Oliver Stone, David Zucker and Jane Alexander are among a growing list of industry veterans who are organizing to protest what they say are censorship practices by the Public Broadcasting System.
The budding coalition–which so far is just an ad hoc organization of like-minded filmmakers–contends that PBS will not air product that could offend government agencies and large corporations, which provide a portion of its funding. Members estimate that dozens of well-made and award-winning but controversial films have been rejected, although they are hopeful that PBS policies will be less restrictive once the Bill Clinton administration is in place.
“It’s not so much an individual corporation keeping an individual film off the air. It’s more self-censorship on the part of PBS and its attitude of keeping political films off its network for fear of offending,” said documentarian and coalition leader Mark Mori.
“It’s an important issue, because PBS was created to air programming that (commercial) networks wouldn’t run, for the public good and underserved audiences. But now they’ve come under corporate bureaucratic control.”
Jennifer Lawson, PBS’ executive vice president for national programming and promotion services, denies any pressure from corporations or the government, which she said combined provide about a third of the network’s funding. The rest comes from memberships, fund-raisers, state governments and private foundations.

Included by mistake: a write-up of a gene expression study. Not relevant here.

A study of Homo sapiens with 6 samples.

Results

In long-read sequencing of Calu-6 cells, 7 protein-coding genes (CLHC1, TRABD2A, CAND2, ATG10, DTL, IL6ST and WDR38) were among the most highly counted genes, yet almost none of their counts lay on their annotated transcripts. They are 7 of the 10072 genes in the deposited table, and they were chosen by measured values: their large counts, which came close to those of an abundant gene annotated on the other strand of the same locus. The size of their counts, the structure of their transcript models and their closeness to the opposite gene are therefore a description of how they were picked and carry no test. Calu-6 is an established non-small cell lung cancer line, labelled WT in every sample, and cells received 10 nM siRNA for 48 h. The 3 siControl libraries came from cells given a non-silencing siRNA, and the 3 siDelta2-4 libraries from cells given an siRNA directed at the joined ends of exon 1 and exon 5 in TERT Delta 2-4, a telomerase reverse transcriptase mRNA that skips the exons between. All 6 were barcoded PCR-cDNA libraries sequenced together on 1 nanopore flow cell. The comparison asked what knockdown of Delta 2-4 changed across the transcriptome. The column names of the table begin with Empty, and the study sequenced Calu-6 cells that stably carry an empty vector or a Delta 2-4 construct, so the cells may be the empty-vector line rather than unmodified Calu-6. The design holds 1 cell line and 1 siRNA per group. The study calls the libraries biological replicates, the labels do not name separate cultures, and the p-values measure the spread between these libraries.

“There’s no question that PBS has been criticized for years because of the programs we have broadcast. But we base our decisions on the integrity and importance of the material, not who may be offended. Historically, PBS has broadcast controversial programs, but has continued to receive corporate and federal support,” Lawson said.
She cited as examples “Death of a Princess,” a documentary about Saudi Arabian women; “Tongues Untied,” about being black and gay; and “Roger and Me,” Michael Moore’s unflattering portrait of General Motors and its former chairman, Roger Smith.
The coalition’s efforts have broadened from an initial campaign to overturn PBS’ rejection of two highly regarded films: Debra Chasnoff’s 1991 Academy Award-winning “Deadly Deception: General Electric, Nuclear Weapons and Our Environment,” and “Building Bombs,” Mori’s 1990 Oscar-nominated film about a South Carolina nuclear arms factory’s environmental devastation.
The group will publicize its stand with a full-page ad in early December in Daily Variety, signed by the aforementioned, as well as David Geffen, Jack Lemmon and Ed Asner, among others.
Organizations such as the Hollywood Women’s Political Committee, Fairness and Accuracy in Reporting, Show Coalition and People for the American Way also are becoming involved.
After this campaign, they plan to help other filmmakers get their projects aired, particularly those sharing similar experiences.